There’s something very powerful about being observed when teaching. It puts you in a vulnerable position that Brené Brown would say opens you up to uncertainty, risk and emotional exposure. And yet, stepping out of our comfort zone and loosening control opens us up to growth and reward, and in terms of teaching that can mean transforming our pedagogy into something much better than before.
Future professionals know the power of being observed and the effect of feedback from others but when the pandemic kicked in, the opportunity to invite observers into the classroom evaporated. For some this would prove to be quite an obstacle, but to Dr. Seth Jenny, the author not only of this weeks guest blog but also the lead author of Technology for Physical Educators, Health Educators, & Coaches, this was an opportunity to take a different approach, harnessing the power of technology.
Student Video Samples from Online Health Education, Physical Education, and Sport Coaching Courses
by Seth E. Jenny, Ph.D., CHES, ACSM-EP
Department of Exercise and Rehabilitative Sciences
Slippery Rock University of Pennsylvania
Like many other teachers, in March 2020, I was forced to transition a face-to-face class to 100% online. In this case, the undergraduate course was “Introduction to Health Education” (HLTH 301) at Slippery Rock University of Pennsylvania. The course centers on students demonstrating mastery of several areas of responsibility of a Health Education Specialist (National Commission for Health Education Credentialing, https://www.nchec.org/responsibilities-and-competencies).
Originally, students were to plan, implement (with 1 to 2 partners), and assess a short health education lesson with their classmates face-to-face in a traditional classroom. Then, the classmates were to provide anonymous constructive feedback on their peers’ lessons via a pen and paper feedback form.
To allow for the transition to the 100% online modality, the health education teaching demonstrations were converted to an audio narration screen recording assignment that could be done alone (utilizing PowerPoint narration or Screencast-o-matic – https://screencast-o-matic.com), or with 1 or 2 partners (i.e., 3 classmates maximum) utilizing the online videoconferencing platform ZOOM (https://zoom.us). The learning management system (D2L) provided specific directions and more details, but I also created this video for the students to enhance their understanding of the assignment:
For the pen and paper peer reviews of the teaching demonstrations, I converted that aspect to an online discussion assignment where students are to “peer review” ten of their classmates’ submitted health education teaching demonstration videos via online discussion board responses (again, D2L provided more information).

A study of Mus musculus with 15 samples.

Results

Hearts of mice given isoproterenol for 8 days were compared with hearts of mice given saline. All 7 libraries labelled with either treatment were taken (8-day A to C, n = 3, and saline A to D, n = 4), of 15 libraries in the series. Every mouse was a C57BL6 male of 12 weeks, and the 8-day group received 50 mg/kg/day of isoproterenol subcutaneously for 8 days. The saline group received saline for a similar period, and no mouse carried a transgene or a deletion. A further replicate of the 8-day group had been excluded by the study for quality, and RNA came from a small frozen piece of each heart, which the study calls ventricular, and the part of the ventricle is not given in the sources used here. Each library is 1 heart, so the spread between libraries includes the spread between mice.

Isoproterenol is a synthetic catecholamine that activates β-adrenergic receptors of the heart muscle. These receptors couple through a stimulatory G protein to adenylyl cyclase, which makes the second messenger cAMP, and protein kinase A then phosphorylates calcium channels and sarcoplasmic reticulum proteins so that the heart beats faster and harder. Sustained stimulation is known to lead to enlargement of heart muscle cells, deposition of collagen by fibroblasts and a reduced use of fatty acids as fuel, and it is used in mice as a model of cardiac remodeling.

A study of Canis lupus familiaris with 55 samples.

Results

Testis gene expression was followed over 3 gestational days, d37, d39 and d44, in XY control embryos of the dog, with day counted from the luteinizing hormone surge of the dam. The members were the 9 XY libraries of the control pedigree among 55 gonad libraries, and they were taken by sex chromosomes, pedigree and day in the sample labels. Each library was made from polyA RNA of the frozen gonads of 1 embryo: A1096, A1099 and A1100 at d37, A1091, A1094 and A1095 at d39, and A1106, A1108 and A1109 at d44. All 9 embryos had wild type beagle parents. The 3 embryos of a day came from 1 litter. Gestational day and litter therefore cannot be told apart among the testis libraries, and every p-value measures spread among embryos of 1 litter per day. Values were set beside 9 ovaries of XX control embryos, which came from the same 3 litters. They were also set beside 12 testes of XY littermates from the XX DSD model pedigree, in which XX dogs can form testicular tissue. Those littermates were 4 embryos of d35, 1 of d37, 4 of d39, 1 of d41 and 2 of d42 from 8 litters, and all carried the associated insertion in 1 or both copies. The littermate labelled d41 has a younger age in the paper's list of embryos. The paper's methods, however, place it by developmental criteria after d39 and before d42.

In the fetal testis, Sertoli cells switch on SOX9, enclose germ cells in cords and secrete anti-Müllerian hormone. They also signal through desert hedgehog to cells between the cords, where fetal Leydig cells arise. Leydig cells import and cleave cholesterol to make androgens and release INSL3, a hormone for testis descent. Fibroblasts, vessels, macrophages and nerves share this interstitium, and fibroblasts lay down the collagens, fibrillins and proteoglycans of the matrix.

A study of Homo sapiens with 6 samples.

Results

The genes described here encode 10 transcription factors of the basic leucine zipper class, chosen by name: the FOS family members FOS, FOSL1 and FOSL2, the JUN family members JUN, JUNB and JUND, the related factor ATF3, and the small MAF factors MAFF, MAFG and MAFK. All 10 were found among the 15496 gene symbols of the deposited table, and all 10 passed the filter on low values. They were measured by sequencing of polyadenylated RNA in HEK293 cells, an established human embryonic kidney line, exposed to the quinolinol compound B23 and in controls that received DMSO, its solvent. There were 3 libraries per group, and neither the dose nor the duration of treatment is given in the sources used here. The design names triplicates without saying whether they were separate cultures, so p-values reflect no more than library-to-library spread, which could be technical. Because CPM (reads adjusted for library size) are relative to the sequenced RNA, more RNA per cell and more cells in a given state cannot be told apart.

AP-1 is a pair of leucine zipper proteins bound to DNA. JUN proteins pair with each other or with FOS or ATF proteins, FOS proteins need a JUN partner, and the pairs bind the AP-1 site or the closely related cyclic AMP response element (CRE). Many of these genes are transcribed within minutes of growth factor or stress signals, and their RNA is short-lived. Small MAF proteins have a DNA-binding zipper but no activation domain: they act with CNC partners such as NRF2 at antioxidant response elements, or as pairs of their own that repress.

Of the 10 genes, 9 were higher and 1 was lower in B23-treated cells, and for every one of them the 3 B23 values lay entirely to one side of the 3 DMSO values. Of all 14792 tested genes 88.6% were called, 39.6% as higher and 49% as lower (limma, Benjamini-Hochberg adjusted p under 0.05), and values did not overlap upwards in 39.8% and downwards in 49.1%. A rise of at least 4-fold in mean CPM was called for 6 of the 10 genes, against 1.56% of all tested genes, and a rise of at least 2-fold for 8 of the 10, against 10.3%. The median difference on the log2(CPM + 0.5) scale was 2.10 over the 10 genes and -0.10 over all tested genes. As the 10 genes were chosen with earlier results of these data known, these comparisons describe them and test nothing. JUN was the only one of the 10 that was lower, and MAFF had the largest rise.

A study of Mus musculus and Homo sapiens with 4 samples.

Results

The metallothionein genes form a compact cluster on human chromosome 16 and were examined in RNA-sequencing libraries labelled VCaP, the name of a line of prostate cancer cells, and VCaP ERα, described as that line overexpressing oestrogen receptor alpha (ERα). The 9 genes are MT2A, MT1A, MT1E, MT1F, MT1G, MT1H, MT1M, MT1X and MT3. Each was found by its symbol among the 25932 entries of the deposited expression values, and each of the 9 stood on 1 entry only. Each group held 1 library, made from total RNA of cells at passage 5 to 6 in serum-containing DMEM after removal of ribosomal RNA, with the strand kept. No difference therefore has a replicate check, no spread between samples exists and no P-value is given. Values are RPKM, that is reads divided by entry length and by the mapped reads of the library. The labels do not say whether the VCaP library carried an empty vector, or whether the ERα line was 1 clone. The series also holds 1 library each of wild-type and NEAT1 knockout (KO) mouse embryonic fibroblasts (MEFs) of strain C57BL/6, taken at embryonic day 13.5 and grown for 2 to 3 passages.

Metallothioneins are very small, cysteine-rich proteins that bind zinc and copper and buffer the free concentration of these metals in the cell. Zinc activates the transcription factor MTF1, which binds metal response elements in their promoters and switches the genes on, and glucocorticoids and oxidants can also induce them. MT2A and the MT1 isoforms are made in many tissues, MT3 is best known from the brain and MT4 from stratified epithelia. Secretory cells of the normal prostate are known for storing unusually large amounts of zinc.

I was pleasantly surprised with the quality of the first submitted video for the team-teaching health education teaching demonstration assignment utilizing Zoom. View it here:
Coronavirus (Health Education Teaching Demonstration, HLTH 301)
by Ireland O’Brien, Ava Krapanza, & Lexy Snell
From past online technology courses I have taught, here is a student submission from a graduate course I taught titled “Technology for Coaches and Physical Educators” where students completed a “PE/Coaching Technology Topic Screencast Presentation Project (with Peer Discussion)”. This video has more than 14k views on YouTube:
Synergy Sports Tutorial
by Carlotta Kloppenburg
Here is an undergraduate student submission from my past course “Technology in Physical Education” where students completed a “Digital Video Project (with Peer Discussion)” focused on teaching the critical elements of a sport skill:
How do you Dribble a Soccer Ball?
By Mikel Rider
Finally, this student asked to create a video relating to how to play a sport instead of teaching a sport skill. The main purpose of the assignment was to learn how to record and edit video with a wireless microphone so I allowed this deviation (the video has over 2,600 views):
How to Play Racquetball
By Luke Bagwell
Beyond typical online pedagogy such as providing clear assignment directions and transparent grading procedures that note how the assignment aligns with course and program objectives, other things to consider are:
· Attain written permission prior to posting any videos online.
· Consider creating screen recording videos to clarify assignments (don’t only create lecture videos to cover course content)
· When appropriate, provide student autonomy through choice/options (e.g., working alone or with a partner; choice of topic, etc.)
· When possible, give students flexibility (permitting assignments to be completed with varying computer programs, don’t require a web-cam for screen recording videos, etc.)
**More about online instruction and a plethora of examples within the web resource (with accompanying Instructor Guide for adopting instructors) are found in our new book:
Dr. Seth Jenny is an assistant professor within the Department of Exercise and Rehabilitative Sciences at Slippery Rock University of Pennsylvania. When he’s not teaching or conducting technology-related research, he is a volunteer club coach for elementary cross country and track and field athletes with a non-profit organization he founded – the Grove City Athletics Club (http://grovecityac.org). Dr. Jenny has taught a variety of 100% online courses since 2014 and has created several different technology courses for undergraduate and graduate students majoring in health and physical education, sport coaching, and sport management. He is the lead author of the Human Kinetics book: “Technology for Physical Educators, Health Educators, & Coaches”.